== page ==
Memorial Sloan Kettering’s Center for Molecular Imaging and Nanotechnology (CMINT) is a broad-scope, multidisciplinary translational research program that unites two rapidly evolving fields — molecular imaging and nanotechnology — by creating strong teams of researchers working in diverse areas such as cancer biology, medicine, chemistry, developmental biology, physics, radiochemistry, immunology, genomics, pharmacology, and engineering.
Our goal is to speed research into the biology of cancers and augment the development of innovative treatments — including molecularly based, image-guided therapies — as well as diagnostic and prognostic tools.
CMINT investigators take a highly pragmatic approach to addressing biologically and clinically relevant problems, with a range of diverse yet interrelated projects. We focus our translational research efforts on innovative ideas and applications that can be tested in preclinical models and eventually phase I clinical trials, and that we believe will ultimately transform routine cancer care.
What Is Molecular Imaging?
Molecular imaging makes it possible to observe and measure biological processes in living cells or tissues over time — without disrupting them — by lighting them up with specific imaging agents. MSK investigators have pioneered the use of molecular imaging methods since the 1990s — including fluorescence imaging, PET, and MRI — to aid laboratory investigations into the root causes of cancer as well as to improve many aspects of cancer care.
The development of molecular imaging technologies has transformed the way cancers are diagnosed, monitored, and treated. A host of promising imaging targets — from disease biomarkers produced by cancer cells to metabolic fluctuations in the tumor microenvironment — have recently emerged and been developed for a variety of imaging modalities. In addition, advances in molecular imaging contribute to improving cancer treatments by optimizing preclinical and clinical testing.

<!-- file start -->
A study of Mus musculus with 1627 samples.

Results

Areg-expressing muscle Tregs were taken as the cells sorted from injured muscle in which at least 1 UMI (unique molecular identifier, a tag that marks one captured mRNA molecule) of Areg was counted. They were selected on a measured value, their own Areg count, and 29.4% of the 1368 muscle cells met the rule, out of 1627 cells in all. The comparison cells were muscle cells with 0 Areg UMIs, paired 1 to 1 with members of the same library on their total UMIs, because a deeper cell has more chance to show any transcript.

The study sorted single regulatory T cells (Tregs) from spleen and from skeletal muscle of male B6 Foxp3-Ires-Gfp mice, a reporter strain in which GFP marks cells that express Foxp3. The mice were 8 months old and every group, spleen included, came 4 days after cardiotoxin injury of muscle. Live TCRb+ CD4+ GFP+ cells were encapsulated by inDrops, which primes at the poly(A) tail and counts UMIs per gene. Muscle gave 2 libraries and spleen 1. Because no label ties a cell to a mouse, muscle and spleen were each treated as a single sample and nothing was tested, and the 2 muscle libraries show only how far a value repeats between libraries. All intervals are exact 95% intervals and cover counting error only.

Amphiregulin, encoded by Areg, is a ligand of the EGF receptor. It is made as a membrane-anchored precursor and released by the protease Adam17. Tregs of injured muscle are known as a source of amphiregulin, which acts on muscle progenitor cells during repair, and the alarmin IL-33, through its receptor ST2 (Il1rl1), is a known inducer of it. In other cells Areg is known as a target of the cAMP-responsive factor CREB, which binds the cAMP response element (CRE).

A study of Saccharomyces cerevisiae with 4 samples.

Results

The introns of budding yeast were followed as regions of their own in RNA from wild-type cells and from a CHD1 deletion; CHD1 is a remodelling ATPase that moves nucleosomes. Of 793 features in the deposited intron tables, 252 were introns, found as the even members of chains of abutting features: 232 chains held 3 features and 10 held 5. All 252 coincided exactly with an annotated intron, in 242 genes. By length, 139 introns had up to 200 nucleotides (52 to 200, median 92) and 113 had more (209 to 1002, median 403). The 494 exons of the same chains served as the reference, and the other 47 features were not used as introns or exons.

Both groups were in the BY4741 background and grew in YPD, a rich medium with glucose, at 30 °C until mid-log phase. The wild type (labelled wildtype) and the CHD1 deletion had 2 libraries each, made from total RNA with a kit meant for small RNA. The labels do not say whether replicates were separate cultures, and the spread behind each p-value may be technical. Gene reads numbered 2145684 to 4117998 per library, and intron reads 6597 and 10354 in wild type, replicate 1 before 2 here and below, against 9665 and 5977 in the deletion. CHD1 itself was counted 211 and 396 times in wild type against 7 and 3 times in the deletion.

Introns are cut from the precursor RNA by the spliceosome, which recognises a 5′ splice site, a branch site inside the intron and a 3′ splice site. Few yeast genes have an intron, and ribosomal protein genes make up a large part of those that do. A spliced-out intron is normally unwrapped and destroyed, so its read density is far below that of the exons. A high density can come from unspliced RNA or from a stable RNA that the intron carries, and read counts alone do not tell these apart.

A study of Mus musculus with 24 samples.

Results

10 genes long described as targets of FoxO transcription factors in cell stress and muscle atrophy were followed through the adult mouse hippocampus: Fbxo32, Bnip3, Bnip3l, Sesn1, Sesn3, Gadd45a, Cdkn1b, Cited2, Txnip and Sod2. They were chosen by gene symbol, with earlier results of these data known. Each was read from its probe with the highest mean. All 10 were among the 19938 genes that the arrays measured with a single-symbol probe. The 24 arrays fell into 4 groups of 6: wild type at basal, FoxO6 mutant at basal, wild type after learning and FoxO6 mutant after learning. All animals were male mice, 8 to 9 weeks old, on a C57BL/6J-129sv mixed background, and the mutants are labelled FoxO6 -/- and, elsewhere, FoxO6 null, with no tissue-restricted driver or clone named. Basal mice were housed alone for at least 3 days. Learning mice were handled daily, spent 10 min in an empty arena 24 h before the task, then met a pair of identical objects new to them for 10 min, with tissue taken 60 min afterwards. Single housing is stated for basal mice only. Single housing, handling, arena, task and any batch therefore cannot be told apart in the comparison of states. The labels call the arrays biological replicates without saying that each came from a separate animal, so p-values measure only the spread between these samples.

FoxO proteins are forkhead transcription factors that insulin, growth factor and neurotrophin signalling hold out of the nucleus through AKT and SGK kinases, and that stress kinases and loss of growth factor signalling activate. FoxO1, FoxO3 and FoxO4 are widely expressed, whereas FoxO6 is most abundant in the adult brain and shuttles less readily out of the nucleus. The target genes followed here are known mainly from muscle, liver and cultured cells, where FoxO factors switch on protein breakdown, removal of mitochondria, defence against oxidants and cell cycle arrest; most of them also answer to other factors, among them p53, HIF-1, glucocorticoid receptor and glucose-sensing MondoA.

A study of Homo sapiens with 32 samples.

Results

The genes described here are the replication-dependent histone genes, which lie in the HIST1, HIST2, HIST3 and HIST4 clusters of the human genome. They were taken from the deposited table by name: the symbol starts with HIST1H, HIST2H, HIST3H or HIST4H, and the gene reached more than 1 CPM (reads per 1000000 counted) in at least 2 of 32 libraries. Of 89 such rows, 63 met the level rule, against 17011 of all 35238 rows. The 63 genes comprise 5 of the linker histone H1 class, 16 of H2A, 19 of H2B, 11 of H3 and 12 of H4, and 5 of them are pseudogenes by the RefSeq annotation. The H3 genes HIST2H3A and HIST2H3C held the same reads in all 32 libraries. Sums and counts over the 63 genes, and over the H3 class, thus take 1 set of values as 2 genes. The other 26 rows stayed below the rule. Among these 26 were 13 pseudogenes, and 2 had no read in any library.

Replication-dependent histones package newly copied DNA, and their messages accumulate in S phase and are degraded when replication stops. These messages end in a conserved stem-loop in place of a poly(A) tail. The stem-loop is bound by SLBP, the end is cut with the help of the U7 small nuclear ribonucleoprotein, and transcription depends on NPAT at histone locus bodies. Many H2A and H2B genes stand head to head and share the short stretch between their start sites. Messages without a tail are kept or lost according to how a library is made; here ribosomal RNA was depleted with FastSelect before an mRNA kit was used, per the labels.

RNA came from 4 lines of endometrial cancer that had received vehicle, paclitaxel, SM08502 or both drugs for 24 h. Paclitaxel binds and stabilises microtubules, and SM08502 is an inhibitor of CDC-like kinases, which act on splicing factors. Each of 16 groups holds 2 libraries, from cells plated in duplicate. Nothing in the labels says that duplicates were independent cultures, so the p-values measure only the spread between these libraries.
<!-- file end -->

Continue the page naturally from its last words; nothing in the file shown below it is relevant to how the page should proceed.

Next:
What Is Nanotechnology?
Nanotechnology is the science of matter that measures from one to 100 nanometer dimensions. Nanoscale materials possess unusual physical, chemical, and biological properties that offer new possibilities for improving both the treatment and imaging of cancer.
By controlling particular characteristics of nanomaterials — such as size, shape, charge, surface patterning, and biochemical availability — it is now possible to overcome common barriers to drug delivery, examine nanoparticle interactions with membranes, synthesize and characterize novel nanoparticles for targeted cancer treatment and imaging, and develop minimally invasive probes for cancer detection and diagnosis. The properties of nanomaterials can also be manipulated to enhance the effectiveness of a drug, target it to tumors more directly, or allow it to act simultaneously as both treatment and imaging agent.